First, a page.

2002 OPEN FORUM Abstracts
ESTABLISHING REFERENCE EQUATIONS FOR A PEDIATRIC PULMONARY FUNCTION LABORATORY
Cathy C. Walston, RRT, RPFT, James D. Acton, MD, William D. Hardie, MD. Cincinnati Children?s Hospital Medical Center (CCHMC), Cincinnati, Ohio.
Introduction: Pulmonary Function Tests (PFTs) are important diagnostic tools and outcome measures for disease management. Absolute measures are standardized by conversion to percent-predicted values to account for growth in children. The accuracy and validity of a percent-predicted value depends on the reference equation used, and its ability to compare an individual to the appropriate reference population. Inappropriate reference equations can lead to diagnostic errors and flawed investigative conclusions. We observed that the calculated percent-predicted values for the youngest and shortest children did not correlate well with their clinical pulmonary status or the shape of their flow-volume curve. We sought to identify and implement the most accurate reference equations available based on current scientific evidence.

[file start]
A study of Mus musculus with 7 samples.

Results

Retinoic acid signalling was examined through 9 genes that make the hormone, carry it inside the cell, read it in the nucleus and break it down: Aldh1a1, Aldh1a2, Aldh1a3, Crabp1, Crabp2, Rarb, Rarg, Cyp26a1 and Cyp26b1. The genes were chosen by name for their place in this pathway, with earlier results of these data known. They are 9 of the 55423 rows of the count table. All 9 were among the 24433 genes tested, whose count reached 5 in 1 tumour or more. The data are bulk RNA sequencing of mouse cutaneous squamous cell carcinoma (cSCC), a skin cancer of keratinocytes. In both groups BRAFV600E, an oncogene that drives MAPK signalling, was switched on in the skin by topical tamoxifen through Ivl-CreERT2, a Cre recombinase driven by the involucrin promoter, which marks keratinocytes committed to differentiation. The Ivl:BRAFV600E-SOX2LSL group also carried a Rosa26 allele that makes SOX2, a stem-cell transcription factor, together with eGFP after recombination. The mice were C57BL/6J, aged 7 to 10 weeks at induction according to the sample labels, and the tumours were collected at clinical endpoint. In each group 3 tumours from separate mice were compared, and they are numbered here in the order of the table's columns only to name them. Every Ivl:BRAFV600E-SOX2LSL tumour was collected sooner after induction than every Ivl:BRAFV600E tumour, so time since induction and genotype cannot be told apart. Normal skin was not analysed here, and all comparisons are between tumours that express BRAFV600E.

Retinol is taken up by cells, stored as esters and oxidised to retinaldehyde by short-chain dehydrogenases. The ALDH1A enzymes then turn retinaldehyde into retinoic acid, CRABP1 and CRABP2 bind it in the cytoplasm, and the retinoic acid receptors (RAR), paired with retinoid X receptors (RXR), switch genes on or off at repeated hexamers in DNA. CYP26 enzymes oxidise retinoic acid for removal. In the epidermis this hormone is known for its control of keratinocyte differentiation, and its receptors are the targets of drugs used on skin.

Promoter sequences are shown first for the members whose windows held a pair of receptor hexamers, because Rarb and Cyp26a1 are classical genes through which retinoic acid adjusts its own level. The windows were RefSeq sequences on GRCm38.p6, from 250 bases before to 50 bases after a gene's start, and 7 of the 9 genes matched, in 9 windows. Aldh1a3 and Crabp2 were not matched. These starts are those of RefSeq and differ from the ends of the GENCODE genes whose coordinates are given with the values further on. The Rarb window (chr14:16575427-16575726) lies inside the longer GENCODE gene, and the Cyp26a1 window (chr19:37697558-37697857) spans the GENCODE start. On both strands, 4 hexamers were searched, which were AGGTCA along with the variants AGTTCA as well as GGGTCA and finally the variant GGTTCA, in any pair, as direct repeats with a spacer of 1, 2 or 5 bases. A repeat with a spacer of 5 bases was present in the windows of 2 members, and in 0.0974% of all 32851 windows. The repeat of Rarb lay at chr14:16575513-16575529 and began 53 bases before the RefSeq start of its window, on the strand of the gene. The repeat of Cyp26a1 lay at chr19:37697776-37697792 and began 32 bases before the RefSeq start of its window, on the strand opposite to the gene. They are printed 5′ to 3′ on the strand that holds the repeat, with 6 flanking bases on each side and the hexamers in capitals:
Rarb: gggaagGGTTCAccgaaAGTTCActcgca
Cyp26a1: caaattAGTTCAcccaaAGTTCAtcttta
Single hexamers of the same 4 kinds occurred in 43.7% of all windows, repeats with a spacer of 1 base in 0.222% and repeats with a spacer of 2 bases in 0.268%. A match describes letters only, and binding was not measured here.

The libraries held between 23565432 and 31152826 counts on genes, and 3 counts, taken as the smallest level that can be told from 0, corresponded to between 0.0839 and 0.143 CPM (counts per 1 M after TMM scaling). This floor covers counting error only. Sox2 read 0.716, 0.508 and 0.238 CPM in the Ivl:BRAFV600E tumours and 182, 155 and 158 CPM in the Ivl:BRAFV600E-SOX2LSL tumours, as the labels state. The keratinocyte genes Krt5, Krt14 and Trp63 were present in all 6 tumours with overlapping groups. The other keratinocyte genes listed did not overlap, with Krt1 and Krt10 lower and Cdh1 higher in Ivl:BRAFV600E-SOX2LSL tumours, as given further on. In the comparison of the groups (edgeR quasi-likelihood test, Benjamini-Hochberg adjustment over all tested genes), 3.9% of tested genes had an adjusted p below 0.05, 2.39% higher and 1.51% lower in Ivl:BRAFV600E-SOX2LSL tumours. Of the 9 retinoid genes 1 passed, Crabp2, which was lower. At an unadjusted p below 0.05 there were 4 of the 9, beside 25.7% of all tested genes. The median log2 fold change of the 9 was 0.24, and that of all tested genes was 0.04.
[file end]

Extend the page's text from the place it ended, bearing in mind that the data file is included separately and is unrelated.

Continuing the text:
Methods: We surveyed a sample of U.S. pediatric and adult hospitals to identify the most frequently used reference equations and conducted a scientific literature review related to adult and pediatric spirometry reference sets. After completing the survey and the literature review, reference sets were established based on age and race. We studied spirometry in 12 caucasian males ages six to eight under 120 cms in height performed at CCHMC using the reference equation of Weng-Levinson. We converted the same test data to the reference equations of Wang, Dockery, et al using the same demographic and test date information for each patient.
Results: Significant differences in spirometry were noted in the percent-predicted variables between Weng-Levinson and Wang, Dockery, et al with the largest variations being seen in the FEV1 parameters.
|Patient HEIGHT IN CM||Weng-Levinson||Wang, Dockery et al.|
P value < 0.0001
Conclusion: Significant variability occurs between reference equations for predicted values for pediatric spirometry. Variability can also occur in equation entry between manufacturers. It is important to establish reference equations that are evidence-based, obtained from large sample populations and segmented on the basis of race, gender, height and age.